Psychologist Gordon Allport argued that there are two types of religious experience—the extrinsic and the intrinsic. Extrinsic religious orientation has little to do with religion and lots to do with social norms, rules, and regulations. Allport said extrinsic orientation functions “to provide security and solace, sociability and distraction, status and self-justification.” This sort of religion is a means to an end. (Sound familiar?)
Intrinsic religious orientation, on the other hand, is the end in itself. For those oriented toward intrinsic religion, their religion becomes their meaning and purpose in life. The means IS the end. The religious commitment shapes the life.
This is as far as Allport took the idea, but Daniel Batson, who holds doctorates in both psychology and theology, posited a third religious orientation, what he called “quest.” Watson says,
An individual who approaches religion in this way recognizes that he or she does not know, and probably never will know, the final truth about such matters. Still the questions are deemed important, and however tentative and subject to changes, answers are sought.
This sounds an awful lot like Unitarian Universalism. Realizing that the answers—all the answers—are time bound; socially bound; class bound; and tentative is a wise way of looking at the old answers to the old problems and the new answers to those old problems. Wisdom.
As I see it, wisdom, when it comes to religious and philosophical questions, is about being two things—humble and realistic. This wisdom centers around an old Daoist and Epicurean and Stoic insight: we must accept the nature of reality itself—and the reality of nature—or we can’t be content and have our eyes open at the same time.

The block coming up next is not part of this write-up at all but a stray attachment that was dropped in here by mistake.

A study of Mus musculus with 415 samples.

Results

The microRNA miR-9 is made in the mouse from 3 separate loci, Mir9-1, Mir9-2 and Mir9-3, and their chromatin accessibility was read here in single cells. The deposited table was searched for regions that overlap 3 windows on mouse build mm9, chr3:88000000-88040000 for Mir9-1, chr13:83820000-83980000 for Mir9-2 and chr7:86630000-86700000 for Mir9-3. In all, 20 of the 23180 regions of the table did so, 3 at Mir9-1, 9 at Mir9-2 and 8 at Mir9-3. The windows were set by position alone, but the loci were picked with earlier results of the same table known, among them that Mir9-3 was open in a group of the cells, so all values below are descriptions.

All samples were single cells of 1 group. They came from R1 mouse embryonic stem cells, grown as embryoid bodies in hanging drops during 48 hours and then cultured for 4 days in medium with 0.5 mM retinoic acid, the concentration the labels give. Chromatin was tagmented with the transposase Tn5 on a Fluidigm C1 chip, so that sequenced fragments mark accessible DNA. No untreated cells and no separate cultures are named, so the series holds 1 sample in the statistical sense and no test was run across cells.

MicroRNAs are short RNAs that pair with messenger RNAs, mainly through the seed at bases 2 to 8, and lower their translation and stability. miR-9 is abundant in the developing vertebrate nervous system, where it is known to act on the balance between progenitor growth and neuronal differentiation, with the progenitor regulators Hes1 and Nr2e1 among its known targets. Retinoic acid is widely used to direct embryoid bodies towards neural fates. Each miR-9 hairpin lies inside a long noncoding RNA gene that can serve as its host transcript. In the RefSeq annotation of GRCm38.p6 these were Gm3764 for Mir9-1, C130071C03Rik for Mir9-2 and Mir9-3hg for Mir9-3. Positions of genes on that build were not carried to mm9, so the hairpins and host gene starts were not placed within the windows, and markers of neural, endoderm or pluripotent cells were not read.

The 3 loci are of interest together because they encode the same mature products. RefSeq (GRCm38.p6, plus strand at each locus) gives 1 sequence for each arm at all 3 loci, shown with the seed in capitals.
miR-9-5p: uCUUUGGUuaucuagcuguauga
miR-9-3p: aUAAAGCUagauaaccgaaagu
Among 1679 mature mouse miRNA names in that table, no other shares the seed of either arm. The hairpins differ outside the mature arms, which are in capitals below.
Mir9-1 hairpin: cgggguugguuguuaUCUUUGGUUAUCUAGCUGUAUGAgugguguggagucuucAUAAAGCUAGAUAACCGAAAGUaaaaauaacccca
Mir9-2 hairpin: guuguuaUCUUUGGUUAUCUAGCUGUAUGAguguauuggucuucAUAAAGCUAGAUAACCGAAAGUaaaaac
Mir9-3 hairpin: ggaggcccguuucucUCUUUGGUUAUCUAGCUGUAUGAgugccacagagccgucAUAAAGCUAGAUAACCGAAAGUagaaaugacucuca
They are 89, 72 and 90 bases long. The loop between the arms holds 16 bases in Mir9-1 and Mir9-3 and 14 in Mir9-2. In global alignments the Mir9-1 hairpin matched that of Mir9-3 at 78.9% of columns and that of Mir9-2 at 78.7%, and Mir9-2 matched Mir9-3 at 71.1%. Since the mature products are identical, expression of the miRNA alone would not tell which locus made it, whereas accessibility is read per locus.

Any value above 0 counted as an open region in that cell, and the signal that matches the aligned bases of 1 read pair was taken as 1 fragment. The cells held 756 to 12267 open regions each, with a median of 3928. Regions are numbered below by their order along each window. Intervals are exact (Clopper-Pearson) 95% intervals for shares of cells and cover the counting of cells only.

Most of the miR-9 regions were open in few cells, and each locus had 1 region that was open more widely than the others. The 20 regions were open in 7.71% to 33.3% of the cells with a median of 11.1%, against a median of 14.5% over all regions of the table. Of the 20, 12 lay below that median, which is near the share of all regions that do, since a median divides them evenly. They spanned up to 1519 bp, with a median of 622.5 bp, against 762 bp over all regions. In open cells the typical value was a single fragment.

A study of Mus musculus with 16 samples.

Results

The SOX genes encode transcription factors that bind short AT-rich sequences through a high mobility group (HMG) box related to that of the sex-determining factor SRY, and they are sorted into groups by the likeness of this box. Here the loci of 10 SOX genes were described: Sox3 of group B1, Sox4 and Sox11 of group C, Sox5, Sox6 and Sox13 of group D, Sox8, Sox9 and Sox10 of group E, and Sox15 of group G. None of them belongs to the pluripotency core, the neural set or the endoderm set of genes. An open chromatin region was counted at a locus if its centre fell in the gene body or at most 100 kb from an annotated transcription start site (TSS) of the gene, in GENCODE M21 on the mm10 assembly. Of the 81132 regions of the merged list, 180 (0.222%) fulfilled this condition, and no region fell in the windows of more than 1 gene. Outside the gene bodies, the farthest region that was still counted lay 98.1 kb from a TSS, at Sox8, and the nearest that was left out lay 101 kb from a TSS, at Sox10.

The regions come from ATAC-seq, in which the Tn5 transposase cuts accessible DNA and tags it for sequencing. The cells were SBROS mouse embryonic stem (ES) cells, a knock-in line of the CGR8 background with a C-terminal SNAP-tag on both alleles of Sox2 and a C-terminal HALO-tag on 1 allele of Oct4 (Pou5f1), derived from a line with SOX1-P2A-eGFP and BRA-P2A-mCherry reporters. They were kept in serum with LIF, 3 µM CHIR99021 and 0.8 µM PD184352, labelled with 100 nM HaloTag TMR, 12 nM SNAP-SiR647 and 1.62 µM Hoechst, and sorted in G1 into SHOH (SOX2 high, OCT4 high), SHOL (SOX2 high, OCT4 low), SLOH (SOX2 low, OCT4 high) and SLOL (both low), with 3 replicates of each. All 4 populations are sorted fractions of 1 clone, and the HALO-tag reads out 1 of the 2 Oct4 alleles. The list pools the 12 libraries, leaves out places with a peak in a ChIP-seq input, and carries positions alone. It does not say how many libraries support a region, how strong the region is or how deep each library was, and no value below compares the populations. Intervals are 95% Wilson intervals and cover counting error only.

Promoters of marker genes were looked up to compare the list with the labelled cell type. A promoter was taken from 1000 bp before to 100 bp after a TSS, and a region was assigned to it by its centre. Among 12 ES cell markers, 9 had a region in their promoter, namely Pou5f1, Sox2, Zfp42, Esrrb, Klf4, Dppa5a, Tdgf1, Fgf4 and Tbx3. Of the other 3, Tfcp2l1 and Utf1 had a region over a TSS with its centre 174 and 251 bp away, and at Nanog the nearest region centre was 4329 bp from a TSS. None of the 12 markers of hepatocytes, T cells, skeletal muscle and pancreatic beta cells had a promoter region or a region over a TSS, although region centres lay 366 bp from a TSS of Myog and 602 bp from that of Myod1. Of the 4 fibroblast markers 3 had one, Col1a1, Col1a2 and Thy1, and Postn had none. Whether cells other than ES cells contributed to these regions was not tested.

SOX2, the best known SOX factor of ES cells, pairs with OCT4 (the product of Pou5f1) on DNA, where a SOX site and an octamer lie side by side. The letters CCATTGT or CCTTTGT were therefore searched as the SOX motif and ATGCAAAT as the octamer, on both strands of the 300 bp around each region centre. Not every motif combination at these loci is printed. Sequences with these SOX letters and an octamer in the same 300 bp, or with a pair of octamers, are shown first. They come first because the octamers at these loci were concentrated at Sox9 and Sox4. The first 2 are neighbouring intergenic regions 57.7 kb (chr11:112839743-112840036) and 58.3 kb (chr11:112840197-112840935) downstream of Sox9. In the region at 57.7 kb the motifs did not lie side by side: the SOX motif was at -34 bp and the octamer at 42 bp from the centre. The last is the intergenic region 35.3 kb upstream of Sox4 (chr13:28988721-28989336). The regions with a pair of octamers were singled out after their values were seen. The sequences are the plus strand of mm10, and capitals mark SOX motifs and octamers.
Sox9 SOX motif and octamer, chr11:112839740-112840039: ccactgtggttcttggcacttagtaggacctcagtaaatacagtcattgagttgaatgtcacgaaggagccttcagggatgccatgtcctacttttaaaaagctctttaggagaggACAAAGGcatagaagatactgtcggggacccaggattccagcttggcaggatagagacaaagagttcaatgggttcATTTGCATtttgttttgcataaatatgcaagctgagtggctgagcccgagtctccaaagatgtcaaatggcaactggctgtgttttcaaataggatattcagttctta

That’s the essence, isn’t it: the goal is to both have our eyes open and to be as content as we can at the same time.
There are ways to be content—even happy—and NOT look at what is real: staying drunk or stoned all the time, for example. Or staying depressed or optimistic all the time. Or retail therapy. All those are lies we tell ourselves.
If the quest is authenticity, life is about both gaining and losing. To pretend that life is not about loss is a fool’s game. Religious maturity is about realism, and realism requires humility in the face of life’s challenges.
Furthermore, as Batson pointed out, it’s about accepting the fact that the search is all we have—that the search itself is the challenge and the answer.
Arriving at “truth” merely means you’ve given up the search. Science is open-ended; philosophy is open-ended; all the fine arts are open-ended—this is what creativity is, when every new thing is new. As in art and science and philosophy, stopping the search in religious thinking means you’ve given up any hope of renewal, or creativity.
Religious thinking—thinking about the ultimate meaning and purpose of human life on this planet—must involve both the chance to continuously evolve with time and must offer some hope for the human condition—our condition—itself.
To have any validity beyond mere fantasy, religious thinking must be oriented toward greater human flourishing—greater flourishing that human beings have yet acheived.
As the Daoists and the Buddhists and the Epicureans and the Stoics and many others all realized, each day is new and different, with new challenges for each of us. What do we need each day? I’d say three things—equanimity, compassion, and wisdom.
Equanimity is about taking what comes and dealing with the challenges. Compassion is about remembering that each person we meet is just like us, with the same capacity for fear, hope, and dreams. Wisdom helps us find equanimity and compassion. Wisdom takes all of our knowledge and experience and boils it down, focuses it so that we can face life with equanimity and compassion.
No, we don’t want our moral aspirations to remain shadowy and vague.
We want our daily practices become more than navel gazing: we want and need our inner work to be preparation for outer action.
Then, we have realized and owned our agency—realized the fact that what we do in the world matters . . . for both good and ill. And we begin to tilt that scale more toward the good than the ill. Then you’re coming from somewhere.